Geology is the study of the physical mechanisms and materials of the Earth's crust, and includes studies on the micro and macro levels. Geologist and study things as diverse as the composition of a particular type of rock, or the structure of an entire continent.
Geology is a specific academic field of study, and like many of the other physical sciences has a series of pre-requisites in terms of pre-tertiary qualifications and studies in high school. The academic streams of geology at quite straightforward for basic qualifications, but may include a vast range of additional studies at postgraduate levels and for professional purposes.
One of the reasons for these extra areas of study is because geology includes a very wide range of specific commercial, scientific and academic professional applications. For example, a geologist specializing in a particular area of industry needs a very strong knowledge base related to that industry. Mining is a classic example of one of the most important applications of geology. Geologists working in this field must have the ability to interpret and use mining data related to geomorphologies and mineral content assays which affect billions of dollars worth of investment.
Career progression in geology typically follows the fundamental scientific paths of commercial, academic and research. Geology, however, is a very complex science and because employment in this field relates directly to various areas of specialization, geologists tend to direct their career efforts into areas of preference.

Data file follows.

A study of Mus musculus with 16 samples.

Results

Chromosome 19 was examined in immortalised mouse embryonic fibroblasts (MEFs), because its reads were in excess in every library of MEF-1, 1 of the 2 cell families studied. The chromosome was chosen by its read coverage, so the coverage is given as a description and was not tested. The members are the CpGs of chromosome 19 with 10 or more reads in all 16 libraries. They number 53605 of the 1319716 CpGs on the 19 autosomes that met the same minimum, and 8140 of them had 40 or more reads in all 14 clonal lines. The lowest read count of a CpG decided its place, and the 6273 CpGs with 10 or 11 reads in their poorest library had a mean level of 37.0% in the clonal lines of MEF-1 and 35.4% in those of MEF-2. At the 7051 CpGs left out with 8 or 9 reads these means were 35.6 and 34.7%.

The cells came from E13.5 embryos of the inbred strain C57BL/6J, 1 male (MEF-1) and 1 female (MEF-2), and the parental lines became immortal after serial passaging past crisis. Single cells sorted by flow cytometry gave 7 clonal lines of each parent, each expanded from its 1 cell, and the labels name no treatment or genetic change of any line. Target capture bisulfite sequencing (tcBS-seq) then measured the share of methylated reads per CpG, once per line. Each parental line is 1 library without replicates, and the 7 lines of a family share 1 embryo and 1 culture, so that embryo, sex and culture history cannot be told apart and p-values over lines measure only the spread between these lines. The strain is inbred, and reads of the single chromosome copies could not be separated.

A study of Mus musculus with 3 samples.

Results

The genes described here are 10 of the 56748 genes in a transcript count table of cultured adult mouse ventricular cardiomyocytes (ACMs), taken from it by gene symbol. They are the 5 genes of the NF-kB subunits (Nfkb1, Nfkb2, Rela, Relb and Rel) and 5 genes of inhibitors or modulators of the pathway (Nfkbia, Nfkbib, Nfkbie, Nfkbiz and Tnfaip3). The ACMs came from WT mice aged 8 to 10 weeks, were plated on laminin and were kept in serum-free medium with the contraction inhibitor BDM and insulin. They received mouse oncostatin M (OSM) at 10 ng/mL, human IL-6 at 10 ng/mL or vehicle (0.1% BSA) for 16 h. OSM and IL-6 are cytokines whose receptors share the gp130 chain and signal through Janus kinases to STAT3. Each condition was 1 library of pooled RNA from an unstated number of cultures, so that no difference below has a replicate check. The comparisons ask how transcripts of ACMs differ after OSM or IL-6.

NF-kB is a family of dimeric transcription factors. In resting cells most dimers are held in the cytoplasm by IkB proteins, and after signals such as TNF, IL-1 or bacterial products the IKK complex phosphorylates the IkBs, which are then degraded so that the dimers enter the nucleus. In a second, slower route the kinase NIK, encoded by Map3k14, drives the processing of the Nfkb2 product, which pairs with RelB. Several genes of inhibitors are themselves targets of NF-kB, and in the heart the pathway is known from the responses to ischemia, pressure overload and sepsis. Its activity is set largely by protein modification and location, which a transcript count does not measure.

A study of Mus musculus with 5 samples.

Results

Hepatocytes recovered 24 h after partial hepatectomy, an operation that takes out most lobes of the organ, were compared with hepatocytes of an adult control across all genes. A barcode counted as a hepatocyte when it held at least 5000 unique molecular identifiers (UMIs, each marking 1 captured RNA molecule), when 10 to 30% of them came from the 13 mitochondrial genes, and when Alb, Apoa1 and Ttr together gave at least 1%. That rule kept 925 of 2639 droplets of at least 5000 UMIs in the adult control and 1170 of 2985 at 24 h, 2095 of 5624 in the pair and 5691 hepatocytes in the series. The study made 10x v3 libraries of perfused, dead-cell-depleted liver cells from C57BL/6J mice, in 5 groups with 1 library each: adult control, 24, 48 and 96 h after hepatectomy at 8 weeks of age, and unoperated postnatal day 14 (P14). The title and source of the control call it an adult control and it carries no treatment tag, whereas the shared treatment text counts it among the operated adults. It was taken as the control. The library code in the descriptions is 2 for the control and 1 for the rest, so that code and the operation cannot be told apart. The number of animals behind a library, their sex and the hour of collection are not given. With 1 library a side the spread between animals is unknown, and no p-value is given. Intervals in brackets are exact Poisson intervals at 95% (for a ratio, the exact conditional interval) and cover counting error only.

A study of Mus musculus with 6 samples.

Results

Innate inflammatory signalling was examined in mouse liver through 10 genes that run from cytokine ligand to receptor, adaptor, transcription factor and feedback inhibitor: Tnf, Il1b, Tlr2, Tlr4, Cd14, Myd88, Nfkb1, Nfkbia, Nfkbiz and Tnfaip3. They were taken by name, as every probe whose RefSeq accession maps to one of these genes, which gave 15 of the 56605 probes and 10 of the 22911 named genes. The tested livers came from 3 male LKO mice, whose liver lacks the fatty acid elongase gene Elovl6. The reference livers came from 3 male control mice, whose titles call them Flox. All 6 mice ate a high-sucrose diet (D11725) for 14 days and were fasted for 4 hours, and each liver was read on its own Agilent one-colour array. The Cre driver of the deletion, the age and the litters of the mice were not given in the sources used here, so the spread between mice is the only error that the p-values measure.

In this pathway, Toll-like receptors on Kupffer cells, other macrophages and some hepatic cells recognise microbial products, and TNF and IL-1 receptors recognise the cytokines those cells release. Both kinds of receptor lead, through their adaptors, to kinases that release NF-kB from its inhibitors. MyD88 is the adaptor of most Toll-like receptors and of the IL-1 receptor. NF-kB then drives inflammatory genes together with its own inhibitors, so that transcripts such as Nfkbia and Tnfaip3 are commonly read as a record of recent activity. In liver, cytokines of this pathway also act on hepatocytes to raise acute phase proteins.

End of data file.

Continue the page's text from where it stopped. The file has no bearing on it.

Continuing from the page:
There is some level of overlap in the three fundamental areas of geology, though. A specialist mineralogist, for example, could easily work in the academic and research fields as both a trainer and a researcher in a specific area of geology. Unlike many other sciences, the area of career specialization in geology is not necessarily exclusive of those roles, chiefly because the knowledge base in geology is gigantic and the academic and research streams encompass these specializations.
Expansion of the mining industry, new technologies and new molecular science has developed the role of geologists enormously. Geologists are at the forefront of many types of resources exploration, research and development. Environmental sciences also added new ecological roles to the work of geologists, including research into the Earth's history, climate and major hazards like earthquakes, volcanoes, acid soils and marine resources. This is a truly fascinating science, and as a career covers a unique range of subjects and areas of study.